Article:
Guitar Building Institute

What happens when you and your students build an electric guitar? They’ll be inspired to seek answers to questions about materials, technology and design. At the end, they’ll not only have their own guitar—made with their own hands—they’ll walk away with knowledge and skills for all areas in their lives and careers. And you… you’ll be a GBI Champion!


A guitar build is a really good way to address topics in mechanical, electrical, and physical science properties. Design principles covered: mass, weight, density, surface area and dimensions measurement, technical sketching, calculation (for frequency, scale, etc.), the rule of 18, diagram interpretation, application and treatments of surfaces for specific purposes (i.e. protection, strength, etc.). Processing technologies covered: lathing, machining, tooling, sanding, lamination and milling, part attachment and assembly, bending, soldiering, fabricating, coating, sealing, spraying. In addition material properties, selection and application principles are covered:

  • Wood

    Wood is used in the:
    • Head stock
    • Neck
    • Body

    Woods used are hardwoods vs. softwoods due to their density, composition, and the microscopic structure (pores). Luthiers believe that the type of wood used actually affects the tonal quality of the guitar; hence the term "tonewood."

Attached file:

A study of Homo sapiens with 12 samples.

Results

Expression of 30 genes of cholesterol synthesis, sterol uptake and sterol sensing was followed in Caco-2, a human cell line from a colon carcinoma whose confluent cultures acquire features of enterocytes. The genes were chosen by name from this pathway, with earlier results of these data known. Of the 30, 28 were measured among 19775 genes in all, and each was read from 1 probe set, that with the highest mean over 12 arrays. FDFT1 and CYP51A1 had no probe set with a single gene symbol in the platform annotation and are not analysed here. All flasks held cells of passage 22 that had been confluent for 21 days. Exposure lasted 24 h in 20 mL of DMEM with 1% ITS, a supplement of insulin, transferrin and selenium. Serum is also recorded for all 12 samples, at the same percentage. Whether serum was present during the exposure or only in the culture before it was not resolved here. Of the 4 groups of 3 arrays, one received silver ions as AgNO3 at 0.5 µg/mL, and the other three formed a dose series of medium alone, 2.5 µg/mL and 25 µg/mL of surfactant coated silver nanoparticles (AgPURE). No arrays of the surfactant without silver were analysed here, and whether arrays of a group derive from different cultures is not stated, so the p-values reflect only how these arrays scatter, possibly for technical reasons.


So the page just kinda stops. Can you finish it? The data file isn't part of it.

• Metals

    Metal is a key material used in the:
    • Frets – Determine the positions for the correct notes and make it easier to play chords accurately. The distance between frets determines the instrument’s scale.
    • Strings – Strings determine the sound (chord and timbre) output when plucked, sound is recorded as a frequency
  • Electronics

    Electric guitars require:
    • An amplifier to project sound.
    • A pickup that converts the string vibration to an electric signal in the form of a frequency. Pickup types studied include single-coils, P-90, and Humbucker.
    • Speaker magnets to send a current to the coil.
  • Polymers

    Polymers are made up of a poly + mer. Polymers have a dual role, decorative and to serve a purpose:
    • The finish coating (paint) of the guitar is a polymer.
    • Glue is used in assembly of the guitar.
    • One of the most popular developments in strings is to coat them with a microscopic layer of a polymer to prevent corrosion.
  • Ceramics

    Ceramics are an integral part of the electronics as insulators, and specifically in the pickup. They can also be used in the:
    • Tuning pegs
    • Top Nut
    • Fretboard
    • Bridge/Tailpiece
    • Volume and tone control (knobs)
    GBI activities include attaching tuners to the headstock and body. Learners answer the question: What physical properties of a ceramic make it a conductor; make it an insulator?


The GBI opens up pathways for teachers, and K-12 and higher education students to employment and exciting career/directions in areas of manufacturing and STEM. No matter where you are; your level of understanding in these areas, GBI positions you to move through levels of competence and experiences you probably never dreamed of. At the core of our competencies are the knowledge and skills required to do a job. The GBI competencies have been aligned with 3 skill sets in the aerospace industry


There is a GBI for teachers, students, and even a GBI that honors and develops future GBI leaders. Teachers of STEM and the arts can expect to be inspired and to develop the competence and motivation to teach STEM in new and innovative ways. School administrators are exposed to new ways to approach STEM curriculum. Hobbyists and lutherie enthusiasts... well just sit back and enjoy and get your creative side on.